Drawing lessons with artist Ben Pines

I have taken time off from quilt and printmaking since the close of the Dialogues exhibit at the Indianapolis Museum of Art in September.  Over time, I realized that better drawing skills are what is required now.  In October, I resumed lessons begun years ago and am studying now with Ben Pines, a Bloomington painter who studied at the Boston Museum School of Art and the Pennsylvania Academy of Fine Art in Philadelphia. http://benpines.com/

The kind of printmaking I have done so far has been largely about line.  Ben’s paintings, although representational, have very little to do with line.  They have quite a lot to do, however, with how he feels about what he sees.  I am learning new ways of looking at things and have been introduced to artists whose paintings had only rarely attracted me or were altogether unknown.  We are beginning with tonal drawing and some anatomy study.  Here are some recent studies.  I have no doubt the lessons will work their way into both my prints and quilts, although it may be a while before I realize how.


Still Life, drawing by Kate Lenkowsky


Shopping Bag with Packages, drawing by Kate Lenkowsky

Contemporary Quilts at the Indianapolis Museum of Art

Karen Hampton's Fritillaria Fulcrum at entryway to gallery

“Fritillaria Fulcrum” by Karen Hampton greets viewers at the gallery entrance.

Dialogues: Contemporary Responses to Marie Webster Quilts opened June 23 at the Indianapolis Museum of Art. This is the second studio quilt exhibition I have curated and I’ve been fortunate to have guidance both times from experienced professionals. “Dialogues” was juried and installed by Niloo Paydar, Curator of Textile and Fashion Arts at the IMA.  Quilts were selected from those submitted by mid-western members of the Studio Art Quilt Associates. The concept was to create an exhibition of quilts inspired by the bed quilts of Marie Webster, an Indiana quilt maker, designer and entrepreneur whose quilt designs were ground-breaking when first published in the early 1900s.

The IMA has its collection of Webster bed quilts on exhibit now through January 8, 2017. http://www.imamuseum.org/exhibition/joy-forever-marie-webster-quilts  If you scroll down to View Collections, you will find a link to the quilts in the contemporary exhibition.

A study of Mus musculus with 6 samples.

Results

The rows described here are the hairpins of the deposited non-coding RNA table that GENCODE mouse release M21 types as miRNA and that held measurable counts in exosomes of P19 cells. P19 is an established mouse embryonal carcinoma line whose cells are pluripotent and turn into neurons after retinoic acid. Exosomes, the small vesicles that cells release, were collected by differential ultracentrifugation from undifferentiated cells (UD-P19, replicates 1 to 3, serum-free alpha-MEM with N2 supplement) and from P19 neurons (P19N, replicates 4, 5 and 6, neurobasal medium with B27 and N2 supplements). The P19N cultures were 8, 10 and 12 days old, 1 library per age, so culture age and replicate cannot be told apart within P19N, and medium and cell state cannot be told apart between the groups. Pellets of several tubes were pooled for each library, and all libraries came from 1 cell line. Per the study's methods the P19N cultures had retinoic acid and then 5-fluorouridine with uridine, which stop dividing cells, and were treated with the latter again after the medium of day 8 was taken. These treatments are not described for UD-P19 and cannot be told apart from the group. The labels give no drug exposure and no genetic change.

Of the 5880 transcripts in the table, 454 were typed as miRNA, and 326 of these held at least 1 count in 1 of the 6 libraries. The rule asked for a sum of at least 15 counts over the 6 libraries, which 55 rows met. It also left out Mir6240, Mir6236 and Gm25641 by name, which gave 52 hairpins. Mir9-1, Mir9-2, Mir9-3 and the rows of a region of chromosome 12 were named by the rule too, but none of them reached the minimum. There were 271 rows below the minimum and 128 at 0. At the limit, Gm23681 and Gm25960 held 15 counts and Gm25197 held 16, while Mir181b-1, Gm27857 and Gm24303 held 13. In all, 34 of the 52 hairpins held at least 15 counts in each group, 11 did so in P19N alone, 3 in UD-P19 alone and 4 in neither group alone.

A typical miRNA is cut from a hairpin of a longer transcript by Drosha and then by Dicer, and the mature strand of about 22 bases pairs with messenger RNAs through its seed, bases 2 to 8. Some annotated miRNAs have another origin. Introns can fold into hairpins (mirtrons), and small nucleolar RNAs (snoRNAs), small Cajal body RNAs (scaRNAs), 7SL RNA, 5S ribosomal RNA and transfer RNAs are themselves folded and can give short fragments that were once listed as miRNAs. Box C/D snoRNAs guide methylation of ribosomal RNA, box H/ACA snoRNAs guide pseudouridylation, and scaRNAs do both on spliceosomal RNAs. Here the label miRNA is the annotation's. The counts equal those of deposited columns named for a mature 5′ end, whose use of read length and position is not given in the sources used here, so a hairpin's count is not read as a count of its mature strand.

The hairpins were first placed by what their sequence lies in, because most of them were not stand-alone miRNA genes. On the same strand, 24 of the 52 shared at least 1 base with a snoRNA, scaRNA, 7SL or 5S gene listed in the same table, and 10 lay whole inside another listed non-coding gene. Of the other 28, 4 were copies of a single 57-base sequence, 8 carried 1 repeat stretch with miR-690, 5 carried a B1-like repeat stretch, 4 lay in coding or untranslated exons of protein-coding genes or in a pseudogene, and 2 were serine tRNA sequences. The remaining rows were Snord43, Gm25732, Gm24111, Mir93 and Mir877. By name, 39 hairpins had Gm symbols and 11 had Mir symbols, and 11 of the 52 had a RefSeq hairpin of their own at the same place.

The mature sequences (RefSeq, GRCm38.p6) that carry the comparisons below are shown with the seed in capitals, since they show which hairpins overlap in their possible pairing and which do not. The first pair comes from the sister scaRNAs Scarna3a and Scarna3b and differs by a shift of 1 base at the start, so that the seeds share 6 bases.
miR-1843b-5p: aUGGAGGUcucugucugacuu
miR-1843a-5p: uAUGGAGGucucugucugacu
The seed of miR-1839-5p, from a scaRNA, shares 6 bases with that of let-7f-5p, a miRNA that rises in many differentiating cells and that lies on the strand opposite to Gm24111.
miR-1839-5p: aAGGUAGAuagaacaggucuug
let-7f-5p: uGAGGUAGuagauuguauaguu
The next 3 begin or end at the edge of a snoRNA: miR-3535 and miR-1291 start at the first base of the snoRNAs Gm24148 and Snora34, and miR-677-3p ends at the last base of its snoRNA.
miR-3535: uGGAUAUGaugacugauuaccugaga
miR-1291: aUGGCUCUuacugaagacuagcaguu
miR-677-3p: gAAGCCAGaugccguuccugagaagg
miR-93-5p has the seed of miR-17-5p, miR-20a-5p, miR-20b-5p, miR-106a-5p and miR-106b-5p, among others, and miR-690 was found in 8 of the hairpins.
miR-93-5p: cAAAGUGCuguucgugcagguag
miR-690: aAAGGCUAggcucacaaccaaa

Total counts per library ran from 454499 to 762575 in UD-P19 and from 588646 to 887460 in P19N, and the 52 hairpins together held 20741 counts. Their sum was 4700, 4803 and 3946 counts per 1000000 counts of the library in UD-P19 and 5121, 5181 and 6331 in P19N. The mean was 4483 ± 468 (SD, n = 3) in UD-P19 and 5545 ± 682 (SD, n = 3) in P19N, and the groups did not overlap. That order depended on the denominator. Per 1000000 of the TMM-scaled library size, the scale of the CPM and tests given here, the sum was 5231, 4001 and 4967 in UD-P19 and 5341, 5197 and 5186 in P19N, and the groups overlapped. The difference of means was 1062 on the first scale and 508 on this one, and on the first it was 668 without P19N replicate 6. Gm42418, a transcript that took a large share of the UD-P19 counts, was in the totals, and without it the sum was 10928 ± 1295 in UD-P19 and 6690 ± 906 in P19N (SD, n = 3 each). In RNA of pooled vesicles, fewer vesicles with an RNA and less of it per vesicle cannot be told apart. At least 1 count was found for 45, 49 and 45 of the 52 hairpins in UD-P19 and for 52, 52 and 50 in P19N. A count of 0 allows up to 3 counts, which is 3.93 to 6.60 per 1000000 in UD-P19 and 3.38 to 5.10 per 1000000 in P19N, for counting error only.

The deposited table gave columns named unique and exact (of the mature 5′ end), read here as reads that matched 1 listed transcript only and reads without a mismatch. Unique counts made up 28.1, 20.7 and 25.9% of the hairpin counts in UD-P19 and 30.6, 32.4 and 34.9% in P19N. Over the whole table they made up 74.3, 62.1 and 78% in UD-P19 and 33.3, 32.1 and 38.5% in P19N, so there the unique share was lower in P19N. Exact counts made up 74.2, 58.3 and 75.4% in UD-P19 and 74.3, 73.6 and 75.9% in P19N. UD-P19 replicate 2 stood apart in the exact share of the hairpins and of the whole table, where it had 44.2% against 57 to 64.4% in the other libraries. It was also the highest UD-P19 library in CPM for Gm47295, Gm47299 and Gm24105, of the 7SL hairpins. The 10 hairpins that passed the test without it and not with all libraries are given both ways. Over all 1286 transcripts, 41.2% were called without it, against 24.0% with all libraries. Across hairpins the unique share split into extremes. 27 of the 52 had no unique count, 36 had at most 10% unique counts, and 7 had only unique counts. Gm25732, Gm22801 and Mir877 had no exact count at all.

Dialogues installation in the Waller Gallery, IMA

Whether quilts are objects of interest to you or not, both of these exhibitions are well worth seeing. Webster introduced the ideals of Arts and Crafts into all of her designs.  They are notable for their clean lines and simplicity, resulting in a quiet elegance which is enhanced by a stunning installation.

The quilts in Dialogues  inspired by Webster are not limited by the need to fit a bed.  The artists freely experimented with her design elements.  Some manipulated these elements in Photoshop to create their compositions; others manipulated the fabric itself or drew and painted with needles and thread.  Some years ago, Paul J. Smith, the Director of the American Craft Museum (now the Museum of Arts and Design), spoke of what he called the craft aesthetic. It is that unique character of the object resulting from the artist’s intense involvement with materials and process. See https://en.wikipedia.org/wiki/Paul_J._Smith_(arts_administrator). This aesthetic is apparent in every one of these quilts and makes for a fascinating exhibition.

The Indianapolis Museum of Art should be recognized for opening its doors to this artwork.  With the exception of quilts made by artists already well known for work in other media, contemporary studio quilts are not often exhibited in major museums. I am grateful to the IMA for giving them this opportunity.

For a glimpse of artist Karen Hampton’s work, go to http://www.hamptonartstudios.com

“Dialogues” opening at IMA June 24

Just finished the announcement. The gallery guide goes to print tomorrow. Card designed by Karen Hampton:








“Dialogues: Contemporary Responses to Marie Webster Quilts” at Indianapolis Museum of Art

Still working on the gallery guide and publicity for “Dialogues,” the SAQA exhibition scheduled to open June 24 at the Waller Community Gallery in the Indianapolis Museum of Art. This is the second exhibition I’ve curated and am fortunate to have Niloo Paydar, the Curator of Textiles and Fashion Arts at the IMA working with me.